Understanding how risk can grow your money

The fourth unit in this series of the 4-H Build a Million curriculum will explain how risk taking is not physically dangerous, but the risk you take with how you work with your money could cost you.

It is never too early to discuss money and finances with youth. It’s not just encouraging them to make a list before going to the grocery store or save money to buy a special item; youth learn from parents and other adults from their values and money habits. Watching what we do and what we say about money is important. Michigan State University Extension 4-H Youth Development has a lot of information on youth money management, including 4-H Build A Million, a financial literacy curriculum developed to teach youth ages 14-18 years old or in grades 9- 12.

In this fourth part of an article series on 4-H Build A Million, we’ll cover the topic on risk. In the curriculum, this unit is called “It’s All About Risk.” There are two lessons shared in this unit.

  1. Personal and Investment Risk. An icebreaker activity is included along with a couple of other group activities relating to investment and risk taking. Youth will learn what risk is and understand why risk is important in investing. Terms such as asset allocation and diversification will also be covered in a way specific to this age group.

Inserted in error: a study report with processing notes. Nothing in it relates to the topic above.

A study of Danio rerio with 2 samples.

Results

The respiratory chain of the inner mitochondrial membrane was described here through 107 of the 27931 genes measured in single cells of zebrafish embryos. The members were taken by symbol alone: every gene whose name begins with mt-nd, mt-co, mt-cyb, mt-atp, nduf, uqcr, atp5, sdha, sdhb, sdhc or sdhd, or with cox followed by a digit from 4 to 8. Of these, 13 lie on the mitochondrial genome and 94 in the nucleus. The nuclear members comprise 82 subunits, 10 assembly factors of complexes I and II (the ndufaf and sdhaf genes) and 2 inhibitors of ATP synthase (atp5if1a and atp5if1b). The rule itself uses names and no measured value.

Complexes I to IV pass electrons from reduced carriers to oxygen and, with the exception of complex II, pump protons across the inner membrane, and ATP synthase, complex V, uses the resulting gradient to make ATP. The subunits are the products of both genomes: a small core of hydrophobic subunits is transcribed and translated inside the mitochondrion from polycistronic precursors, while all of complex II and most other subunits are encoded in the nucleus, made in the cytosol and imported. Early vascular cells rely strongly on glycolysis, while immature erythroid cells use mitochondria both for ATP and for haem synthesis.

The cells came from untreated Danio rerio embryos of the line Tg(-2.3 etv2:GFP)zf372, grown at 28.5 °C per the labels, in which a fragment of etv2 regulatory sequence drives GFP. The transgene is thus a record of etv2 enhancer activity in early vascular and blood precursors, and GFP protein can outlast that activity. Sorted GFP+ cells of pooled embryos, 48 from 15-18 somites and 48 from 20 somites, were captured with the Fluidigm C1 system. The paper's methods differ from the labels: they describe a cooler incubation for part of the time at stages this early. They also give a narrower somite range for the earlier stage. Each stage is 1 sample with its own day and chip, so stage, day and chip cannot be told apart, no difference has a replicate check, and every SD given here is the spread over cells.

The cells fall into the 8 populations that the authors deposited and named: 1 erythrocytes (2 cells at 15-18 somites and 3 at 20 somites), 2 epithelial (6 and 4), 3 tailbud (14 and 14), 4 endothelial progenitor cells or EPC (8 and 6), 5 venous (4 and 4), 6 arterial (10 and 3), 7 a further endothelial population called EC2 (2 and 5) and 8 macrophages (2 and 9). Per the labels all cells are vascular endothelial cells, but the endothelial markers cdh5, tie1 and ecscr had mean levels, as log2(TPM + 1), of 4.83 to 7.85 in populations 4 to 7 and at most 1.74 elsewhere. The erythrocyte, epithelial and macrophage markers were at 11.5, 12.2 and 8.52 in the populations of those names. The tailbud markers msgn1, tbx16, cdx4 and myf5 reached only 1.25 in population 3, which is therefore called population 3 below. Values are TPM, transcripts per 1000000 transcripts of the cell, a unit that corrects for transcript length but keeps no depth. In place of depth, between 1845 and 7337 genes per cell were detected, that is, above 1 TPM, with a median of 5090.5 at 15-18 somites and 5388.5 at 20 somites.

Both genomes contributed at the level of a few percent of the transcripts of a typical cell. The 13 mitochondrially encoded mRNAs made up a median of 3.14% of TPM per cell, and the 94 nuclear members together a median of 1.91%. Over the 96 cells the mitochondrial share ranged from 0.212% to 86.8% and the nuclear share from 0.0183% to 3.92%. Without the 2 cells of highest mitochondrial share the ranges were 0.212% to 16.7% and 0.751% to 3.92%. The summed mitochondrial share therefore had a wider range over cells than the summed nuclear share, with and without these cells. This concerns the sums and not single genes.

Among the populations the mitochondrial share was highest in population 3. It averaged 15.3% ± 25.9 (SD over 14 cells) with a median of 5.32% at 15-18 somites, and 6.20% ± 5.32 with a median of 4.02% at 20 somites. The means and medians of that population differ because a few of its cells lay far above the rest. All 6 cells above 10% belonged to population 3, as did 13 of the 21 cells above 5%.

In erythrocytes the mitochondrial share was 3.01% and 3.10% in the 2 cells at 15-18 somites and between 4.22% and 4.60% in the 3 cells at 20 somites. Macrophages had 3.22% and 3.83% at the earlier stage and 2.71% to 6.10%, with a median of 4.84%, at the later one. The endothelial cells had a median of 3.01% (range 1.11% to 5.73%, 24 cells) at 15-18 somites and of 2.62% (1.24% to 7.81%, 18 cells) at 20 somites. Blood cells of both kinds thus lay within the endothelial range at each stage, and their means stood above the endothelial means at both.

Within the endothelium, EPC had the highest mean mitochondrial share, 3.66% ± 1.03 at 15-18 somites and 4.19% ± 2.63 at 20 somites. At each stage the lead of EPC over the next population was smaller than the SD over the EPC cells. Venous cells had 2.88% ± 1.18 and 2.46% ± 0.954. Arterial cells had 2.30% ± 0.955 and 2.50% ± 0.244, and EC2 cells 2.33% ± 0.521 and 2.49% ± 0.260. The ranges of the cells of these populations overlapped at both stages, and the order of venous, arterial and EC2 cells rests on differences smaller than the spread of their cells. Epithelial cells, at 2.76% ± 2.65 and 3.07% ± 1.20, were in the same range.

2. Understanding Business and Economic Risk. Youth will understand the risks of investing in a company and the difference between business and economic risk. There is an icebreaker activity for those teaching to start the thinking process. There are two hands-on activities for youth to learn and understand the concept. Discussion questions follow in each lesson, so instructors can make sure youth are understanding the topics.

The 4-H Build a Million curriculum can be downloaded for free at the 4-H Build a Million website. This curriculum can be used by adult volunteers, parents or those working in financial education. It is a good idea to follow along with the order of the units listed, but instructors can pick specific topics to use when teaching.

For more information on 4-H, contact your local MSU Extension office.